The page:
Recently Finished
Live Cricket
Upcoming Matches
No live scores available
View All Matches
Misbah lashes out at PCB over poor facilities in first-class matches
Quaid-e-Azam Trophy

Misbah lashes out at PCB over poor facilities in first-class matches

Former Pakistan captain and SNGPL player Misbah-ul-Haq has lashed out at Pakistan Cricket Board over poor facilities at Lahore City Cricket Association’s (LCCA) ground that is hosting Lahore Whites’ first match against Sui Northern Gas Pipeline Limited (SNGPL) in the Quaid-e-Azam Trophy, Pakistan’s premier first-class tournament.

Misbah took to Twitter and posted a video showing the dirty and lousy facilities in the dressing room of the players.

“This is not a storeroom. This is LCCA ground's dressing room currently hosting first-class match between SNGPL and Lahore Whites. Six Test players are playing in this match. I think players deserve better than this. Outfield and pitch are also not encouraging for cricket,” Misbah tweeted.

“If we want to improve the standards of first-class cricket PCB should take notice of this and don't let this happen. Imagine around 20 people in this room with lonely fan in this heat and a sluggish outfield,” he added.

The six Test players in SNGPL’s team Misbah mentioned are Mohammad Rizwan, Yasir Shah, Asad Shafiq, Rahat Ali, Bilawal Bhatti and Iftikhar Ahmed whereas another one, Usman Salahuddin, is playing for Lahore Whites.

Misbah is not playing himself in the ongoing match but he is part of the SNGPL squad and likely to play the 50 overs game against the same opponents at the same venue on Thursday. He will also be playing in selected four-day matches in the Quaid-e-Azam Trophy.

Misbah is a reluctant tweeter and generally uses the App only when he has some serious thoughts to share. He has been vocal against the facilities given to players in the domestic cricket in the past too but it is the first time he has taken such a harsh stance. Another reason behind publicly highlighting the plight of the players could be he is no longer a contracted player and fears a ban, fine or show-cause notice.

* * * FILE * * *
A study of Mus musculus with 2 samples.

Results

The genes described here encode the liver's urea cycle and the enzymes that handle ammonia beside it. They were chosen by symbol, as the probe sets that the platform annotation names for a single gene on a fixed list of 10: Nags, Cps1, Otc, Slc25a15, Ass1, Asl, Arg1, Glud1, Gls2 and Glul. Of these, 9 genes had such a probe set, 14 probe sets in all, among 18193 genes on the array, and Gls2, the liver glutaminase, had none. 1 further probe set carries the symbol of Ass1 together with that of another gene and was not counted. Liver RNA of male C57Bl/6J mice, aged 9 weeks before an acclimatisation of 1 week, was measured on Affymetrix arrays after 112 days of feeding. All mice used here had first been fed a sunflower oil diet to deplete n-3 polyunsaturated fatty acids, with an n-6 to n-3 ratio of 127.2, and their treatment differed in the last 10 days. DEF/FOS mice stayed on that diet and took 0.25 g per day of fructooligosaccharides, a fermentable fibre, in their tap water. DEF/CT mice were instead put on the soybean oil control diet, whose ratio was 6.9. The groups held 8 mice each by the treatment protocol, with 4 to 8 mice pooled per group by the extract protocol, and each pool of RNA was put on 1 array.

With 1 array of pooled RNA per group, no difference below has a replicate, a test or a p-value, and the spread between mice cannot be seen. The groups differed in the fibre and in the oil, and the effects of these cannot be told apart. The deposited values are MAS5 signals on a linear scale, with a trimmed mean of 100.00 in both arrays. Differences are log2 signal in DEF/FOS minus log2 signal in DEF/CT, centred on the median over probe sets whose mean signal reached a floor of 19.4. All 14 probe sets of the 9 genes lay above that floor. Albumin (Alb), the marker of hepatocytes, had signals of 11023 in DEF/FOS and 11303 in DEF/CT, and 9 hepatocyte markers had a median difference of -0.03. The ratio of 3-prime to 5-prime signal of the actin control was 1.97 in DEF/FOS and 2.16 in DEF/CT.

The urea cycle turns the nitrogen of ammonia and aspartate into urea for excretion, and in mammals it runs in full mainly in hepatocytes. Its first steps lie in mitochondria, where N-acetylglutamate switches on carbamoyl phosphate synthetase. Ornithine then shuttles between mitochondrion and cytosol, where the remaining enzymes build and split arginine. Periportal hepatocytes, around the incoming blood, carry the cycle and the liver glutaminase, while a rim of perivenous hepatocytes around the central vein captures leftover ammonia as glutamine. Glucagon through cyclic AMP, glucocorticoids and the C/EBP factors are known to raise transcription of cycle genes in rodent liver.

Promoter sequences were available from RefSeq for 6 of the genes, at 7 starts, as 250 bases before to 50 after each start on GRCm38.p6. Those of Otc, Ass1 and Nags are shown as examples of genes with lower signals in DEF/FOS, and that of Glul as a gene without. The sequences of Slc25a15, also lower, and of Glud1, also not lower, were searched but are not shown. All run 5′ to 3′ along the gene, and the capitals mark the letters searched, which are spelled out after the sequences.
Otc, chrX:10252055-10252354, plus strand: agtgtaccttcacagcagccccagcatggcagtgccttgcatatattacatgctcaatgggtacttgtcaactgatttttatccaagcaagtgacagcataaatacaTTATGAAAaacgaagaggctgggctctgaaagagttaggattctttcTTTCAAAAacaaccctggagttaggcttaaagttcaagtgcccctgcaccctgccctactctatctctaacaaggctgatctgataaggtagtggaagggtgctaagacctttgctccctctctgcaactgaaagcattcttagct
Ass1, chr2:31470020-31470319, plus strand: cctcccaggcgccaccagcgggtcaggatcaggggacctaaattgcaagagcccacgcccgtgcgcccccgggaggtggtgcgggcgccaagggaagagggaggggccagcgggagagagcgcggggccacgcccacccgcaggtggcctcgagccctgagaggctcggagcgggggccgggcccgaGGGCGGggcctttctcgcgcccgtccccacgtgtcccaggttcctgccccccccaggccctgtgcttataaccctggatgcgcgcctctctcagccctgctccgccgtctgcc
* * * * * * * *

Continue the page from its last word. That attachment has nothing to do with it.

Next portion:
Many other players are unhappy with the facilities and the scheduling of the tournament as well but their contracts don’t allow them to share such thoughts in the media.

There is no dearth of funds in PCB’s kitty. The board this year set a budget of Rs916.36 million for domestic cricket which is 90 percent more than the previous year but looking at the facilities at the venue that falls in catchment of the PCB headquarters in Lahore and shares a wall with the National Cricket Academy where the officials sit in mahogany chairs and well air-conditioned rooms to make decisions on the domestic cricket, it is hard to guess where the money is being spent.

The PCB officials have never compromised on their own facilities and lifestyles. They draw lucrative salaries and are paid heavy travelling allowances ranging from 25,000 to 40,000 Rupees per day. One would be forgiven to think it would need only an official’s weeks allowance to renovate, or at least paint, a dressing room as bad as LCCA’s.

Some would baulk at saying it is the responsibility of the region to take care of the facilities at the venues but PCB as the organisers of the Quaid-e-Azam Trophy need to make sure the grounds are eligible to host first-class cricket and have adequate facilities for the players. If not, the venues either should be stripped of hosting rights or subsidised by the PCB.

The players are also not happy with the scheduling of the tournament. Umar Gul, the Pakistan and Habib Bank Limited (HBL) fast bowler, fainted on the opening day of the tournament due to extremely hot conditions in Islamabad. He bowled only 9 out of 82 overs in the first innings against Islamabad after having taken three wickets in the first spell.

Many other HBL players developed headaches due to heat in the practice sessions before the tournament began on September 1. The domestic season this year has started a month earlier. Generally, it kicks off in the first week of October, when the temperatures have gone down.

With the country and its cricket board set to undergo a sea-change in the coming weeks due to the new government headed by Pakistan’s most eminent cricketer Imran Khan, one can hope that the players will soon be provided with better facilities and won’t need to go on Twitter to highlight their problems.